Anthony Mary Claret died on this day, October 24th, 1870, after a long, full and adventurous life, demonstrating how much one man can do if he puts his mind and will wholeheartedly to the plow in God’s vineyard – if that’s not a mixed metaphor. Most of the life of this priest, and eventual bishop, was spent in Spain, with eight very fruitful years as a missionary bishop in Santiago, Cuba. Amongst other things, he reorganized the seminary, shored up priestly discipline and validated over 9,000 marriages!.
In the midst of his near-overwhelming pastoral duties (including confessor to the Queen, Isabella II), St. Anthony Mary also penned 144 (!) books, untold numbers of sermons – he once preached twelve sermons in one day – drew up rules for religious Sisters, and founded a religious Order, the Congregation of the Missionary Sons of the Immaculate Heart of Mary, commonly known as the ‘Claretians’ – who now number 3100 members in 450 houses across the world. As one priest I know put it in a sermon, one breaks out into a sweat just thinking about how much Saint Anthony Mary Claret accomplished – but, then, he had made a promise to himself never to waste a moment of time. (That said, I’ve often wondered about such vows, such as always doing the ‘most perfect thing’. Is quiet contemplation on a solitary walk through the forest a good use of time? We must also beware the spectre of activism, but I think our saint, like the also-very-busy-and-productive John Paul II, knew what he was about – we’re all led by the Spirit in our own way, we may hope!)
One of his primary works and loves was offering missions wherever he went, which were so well attended that a makeshift pulpit had to be set up outside the church, after which he would spend hours in the confessional, with the gift, it is said, of readings souls and hearts. And, speaking of hearts, his own, on fire with such a love for the materially and spiritually poor, was found incorrupt seventeen years after his death.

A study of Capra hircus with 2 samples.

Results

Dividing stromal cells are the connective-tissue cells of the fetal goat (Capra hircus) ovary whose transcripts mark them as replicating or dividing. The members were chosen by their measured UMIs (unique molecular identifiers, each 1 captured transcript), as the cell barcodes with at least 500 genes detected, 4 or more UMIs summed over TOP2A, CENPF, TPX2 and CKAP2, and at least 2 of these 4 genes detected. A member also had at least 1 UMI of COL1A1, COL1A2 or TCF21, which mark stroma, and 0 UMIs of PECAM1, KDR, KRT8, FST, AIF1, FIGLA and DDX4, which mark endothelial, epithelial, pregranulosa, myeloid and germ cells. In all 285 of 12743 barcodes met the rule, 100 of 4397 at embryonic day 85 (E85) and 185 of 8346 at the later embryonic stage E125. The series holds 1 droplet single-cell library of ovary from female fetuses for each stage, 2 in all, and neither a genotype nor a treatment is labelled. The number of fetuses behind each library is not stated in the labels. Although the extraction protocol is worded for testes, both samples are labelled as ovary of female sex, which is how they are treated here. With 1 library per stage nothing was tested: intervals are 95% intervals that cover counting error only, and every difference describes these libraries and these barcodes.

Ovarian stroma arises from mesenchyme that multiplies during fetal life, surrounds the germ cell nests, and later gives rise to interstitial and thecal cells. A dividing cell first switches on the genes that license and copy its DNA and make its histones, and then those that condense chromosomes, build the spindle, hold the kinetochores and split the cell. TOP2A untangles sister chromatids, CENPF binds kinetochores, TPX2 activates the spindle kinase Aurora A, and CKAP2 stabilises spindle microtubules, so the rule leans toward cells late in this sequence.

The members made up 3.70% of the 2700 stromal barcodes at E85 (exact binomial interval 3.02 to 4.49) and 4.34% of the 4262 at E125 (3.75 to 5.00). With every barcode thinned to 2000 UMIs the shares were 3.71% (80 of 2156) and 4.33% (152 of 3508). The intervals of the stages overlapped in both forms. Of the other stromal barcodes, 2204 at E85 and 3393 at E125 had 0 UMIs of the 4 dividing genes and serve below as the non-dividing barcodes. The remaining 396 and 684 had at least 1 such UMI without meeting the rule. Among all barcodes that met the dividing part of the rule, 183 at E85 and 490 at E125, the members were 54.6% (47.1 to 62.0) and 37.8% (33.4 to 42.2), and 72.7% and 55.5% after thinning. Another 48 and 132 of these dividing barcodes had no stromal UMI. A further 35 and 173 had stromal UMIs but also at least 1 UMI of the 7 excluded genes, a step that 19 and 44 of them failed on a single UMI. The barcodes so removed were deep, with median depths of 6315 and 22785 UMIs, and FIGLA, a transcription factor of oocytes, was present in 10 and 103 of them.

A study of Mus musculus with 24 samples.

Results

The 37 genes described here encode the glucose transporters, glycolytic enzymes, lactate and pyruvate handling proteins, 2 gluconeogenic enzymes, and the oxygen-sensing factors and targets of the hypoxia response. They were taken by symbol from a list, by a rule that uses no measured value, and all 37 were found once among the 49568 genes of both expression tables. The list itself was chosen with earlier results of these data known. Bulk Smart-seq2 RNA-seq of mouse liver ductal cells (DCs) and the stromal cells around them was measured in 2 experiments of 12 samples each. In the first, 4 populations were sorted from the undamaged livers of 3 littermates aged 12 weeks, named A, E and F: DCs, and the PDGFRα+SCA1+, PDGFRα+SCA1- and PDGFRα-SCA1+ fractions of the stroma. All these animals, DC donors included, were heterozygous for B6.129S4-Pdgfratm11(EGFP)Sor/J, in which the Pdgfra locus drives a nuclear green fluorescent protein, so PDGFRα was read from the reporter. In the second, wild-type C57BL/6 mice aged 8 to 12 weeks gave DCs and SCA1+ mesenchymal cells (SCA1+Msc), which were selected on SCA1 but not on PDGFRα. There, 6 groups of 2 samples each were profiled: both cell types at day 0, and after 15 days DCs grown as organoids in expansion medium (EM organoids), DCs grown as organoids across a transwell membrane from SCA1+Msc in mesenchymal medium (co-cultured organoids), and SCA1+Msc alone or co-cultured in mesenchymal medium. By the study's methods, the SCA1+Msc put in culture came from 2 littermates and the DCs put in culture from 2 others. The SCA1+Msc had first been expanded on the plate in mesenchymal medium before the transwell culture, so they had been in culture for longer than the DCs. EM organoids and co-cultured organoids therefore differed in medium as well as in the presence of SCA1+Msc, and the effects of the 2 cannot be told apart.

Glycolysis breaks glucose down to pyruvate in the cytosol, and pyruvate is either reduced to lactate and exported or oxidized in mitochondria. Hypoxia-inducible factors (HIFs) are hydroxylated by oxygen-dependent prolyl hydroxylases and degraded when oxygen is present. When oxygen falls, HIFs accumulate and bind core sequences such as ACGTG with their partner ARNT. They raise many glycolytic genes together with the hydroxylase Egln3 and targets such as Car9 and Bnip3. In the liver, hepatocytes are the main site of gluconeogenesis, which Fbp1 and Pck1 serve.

As he wrote in one of his countless letters, quoted in today’s Office:
The man who truly loves God also loves his neighbour. The truly zealous man is also one who loves, but he stands on a higher plane of love so that the more he is inflamed by love, the more urgently zeal drives him on. But if anyone lacks this zeal, then it is evident that love and charity have been extinguished in his heart. The zealous man desires and achieves all great things and he labours strenuously so that God may always be better known, loved and served in this world and in the life to come, for this holy love is without end.
A life well and truly lived, producing ten talents from what he had been given, quite a different view of evangelization from a more recent South American bishop, who has apparently boasted – not lamented, mind you – of never having baptized a single person in his many years as a missionary. Odd. Sort of the inverse of Bishop Claret, one might think.
Anthony Mary fell ill while in Rome preparing to attend the First Vatican Council called by Blessed Pius IX. He withdrew to rest in his native Spain, eventually going to a Cistercian monastery in southern France, whence, quite fittingly, he went peacefully to his eternal reward in 1870. He was canonized eight decades later by Pope Pius XII in 1950, the same year he declared the dogma of the Assumption of Our Lady, to whom our saint was so devoted.
Would that a small fraction of us had a scintilla of the zeal, and produced but a smidgen of the fruit, of Saint Anthony Mary, so that the fire that Christ desires to be ‘cast upon the earth’ would indeed ‘be already kindled’. When He returns in glory, may He indeed find firm faith, and charity that, far from gone cold, burning brightly in our own hearts.
We can always hope, for what is life without it?
Saint Anthony Mary Claret, ora pro nobis!
Today, in the calendar of the usus antiquior, is the feast of Saint Raphael the Archangel, who is now celebrated with the Michael and Gabriel on September 29th. But we may call him to mind especially today, especially for any healing or marital issues, or for those readers looking for a good and holy spouse. As mentioned, hope, even against hope!